There are several versions which tell the history of Tiramisu and this makes it hard to trace the real roots of this delicious dessert.

I think we should eat it and enjoy it but being Italy a country with a very rich culinary regional tradition, the question on the creator of Tiramisu has started a real dispute, mainly amongst the region of Tuscany, Piedmont and Veneto.

The official version however makes Tuscany the birthplace of the world loved Tiramisu.

The official story tells that Tiramisu was invented in the 17th century in Siena to celebrate the visit of Grand-duke of Tuscany, Cosimo de Medici (the Medici family is one of the most important family in the history of Tuscany). The chefs wanted the dessert to reflect the Grand-duke personality. So it needed to be important, with an outstanding taste; rich and creamy as the Grand-Duke loved desserts and sweet food in general. It also needed to be made with local ingredients! This is how the Tiramisu recipe was worked out. The result, we all know is absolutely outstanding.

The original name of the dessert was “Zuppa del Duca” which means “Duke’s Trifle”. The Grand-Duke loved the dessert so much that he took the recipe with him to Florence. This had a tremendous success amongst the Italian aristocracy. The word that went round the aristocracy’s milieu bestowed aphrodisiac power to the trifle and this is how the name Tiramisu was coined. Tiramisu literally means “lift me up”.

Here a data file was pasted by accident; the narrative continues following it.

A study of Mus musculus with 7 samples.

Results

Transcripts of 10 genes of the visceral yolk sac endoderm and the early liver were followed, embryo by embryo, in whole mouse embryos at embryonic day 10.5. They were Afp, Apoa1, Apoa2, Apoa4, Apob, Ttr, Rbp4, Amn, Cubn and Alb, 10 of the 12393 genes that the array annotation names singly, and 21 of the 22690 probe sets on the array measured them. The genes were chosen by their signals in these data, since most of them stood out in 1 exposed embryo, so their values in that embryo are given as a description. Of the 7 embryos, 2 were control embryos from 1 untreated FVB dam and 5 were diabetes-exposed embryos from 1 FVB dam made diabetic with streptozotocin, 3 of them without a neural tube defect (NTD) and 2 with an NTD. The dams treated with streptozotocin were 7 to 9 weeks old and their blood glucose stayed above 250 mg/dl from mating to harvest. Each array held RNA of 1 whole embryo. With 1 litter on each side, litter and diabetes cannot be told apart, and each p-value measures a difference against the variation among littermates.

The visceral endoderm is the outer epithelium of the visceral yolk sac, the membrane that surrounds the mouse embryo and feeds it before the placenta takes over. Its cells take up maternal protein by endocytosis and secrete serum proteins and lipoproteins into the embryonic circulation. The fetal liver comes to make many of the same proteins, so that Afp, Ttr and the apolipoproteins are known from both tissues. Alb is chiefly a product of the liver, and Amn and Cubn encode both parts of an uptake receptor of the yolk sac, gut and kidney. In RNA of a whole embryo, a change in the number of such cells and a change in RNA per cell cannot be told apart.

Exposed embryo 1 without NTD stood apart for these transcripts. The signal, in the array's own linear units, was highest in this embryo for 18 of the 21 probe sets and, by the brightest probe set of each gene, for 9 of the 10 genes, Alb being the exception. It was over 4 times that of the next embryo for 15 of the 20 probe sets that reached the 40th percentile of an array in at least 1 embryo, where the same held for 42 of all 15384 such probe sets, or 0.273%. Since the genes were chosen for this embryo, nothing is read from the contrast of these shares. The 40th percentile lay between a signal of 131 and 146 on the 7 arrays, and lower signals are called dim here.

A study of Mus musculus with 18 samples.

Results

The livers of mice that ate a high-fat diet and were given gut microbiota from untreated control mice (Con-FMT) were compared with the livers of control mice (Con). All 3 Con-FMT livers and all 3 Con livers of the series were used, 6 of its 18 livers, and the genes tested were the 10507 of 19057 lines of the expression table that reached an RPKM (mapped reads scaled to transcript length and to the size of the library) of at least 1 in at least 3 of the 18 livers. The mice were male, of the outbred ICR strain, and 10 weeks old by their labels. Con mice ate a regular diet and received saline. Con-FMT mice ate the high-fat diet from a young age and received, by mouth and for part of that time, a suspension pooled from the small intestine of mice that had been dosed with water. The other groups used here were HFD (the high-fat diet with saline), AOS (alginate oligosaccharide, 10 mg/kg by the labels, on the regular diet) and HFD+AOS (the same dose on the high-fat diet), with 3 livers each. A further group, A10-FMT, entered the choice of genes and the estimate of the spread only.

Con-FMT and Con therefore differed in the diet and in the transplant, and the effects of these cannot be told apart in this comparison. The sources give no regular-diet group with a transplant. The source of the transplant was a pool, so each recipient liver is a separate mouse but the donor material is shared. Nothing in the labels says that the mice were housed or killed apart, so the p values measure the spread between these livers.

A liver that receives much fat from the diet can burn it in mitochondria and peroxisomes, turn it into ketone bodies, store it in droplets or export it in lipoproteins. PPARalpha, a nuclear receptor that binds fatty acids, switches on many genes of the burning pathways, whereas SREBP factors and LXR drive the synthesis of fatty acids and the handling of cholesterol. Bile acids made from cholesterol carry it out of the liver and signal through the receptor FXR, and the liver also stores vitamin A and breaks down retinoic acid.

Tiramisu (Real Italian Recipe)
  • 6 eggs medium size
  • 14 oz (400 g) Ladyfinger biscuits
  • ½ cup brewed espresso or very strong coffee, at room temperature
  • 5 oz (120 g) white sugar plus 2 spoonful to sweeten the coffee
  • 17 oz (500 g) mascarpone cheese
  • 2 oz (50g) Bitter sweet chocolate flakes (optional)
  • 1 oz (30 g) bittersweet chocolate or cocoa powder for dusting (optional)
  1. Divide the egg yolks from the egg whites. Then whisk the egg yolks and half sugar with an electric mixer until very thick. Then add the mascarpone. Whisk until smooth. Then whisk the egg whites and the remaining sugar. When is smooth, add the two mixtures together. Spread a layer of cream on a dip dish.
  2. Pour the sweetened coffee in a shallow bowl. Dip the two sides of each ladyfinger in the coffee and then place it in the dip dish on top of the cream.
  3. Repeat this for each ladyfinger until the layer is completed then you pour the cream on top. Then repeat the layers until all the coffee is used up.
  4. Refrigerate overnight.
  5. Before serving, sprinkle the top with cocoa powder and/or chocolate flakes if desired.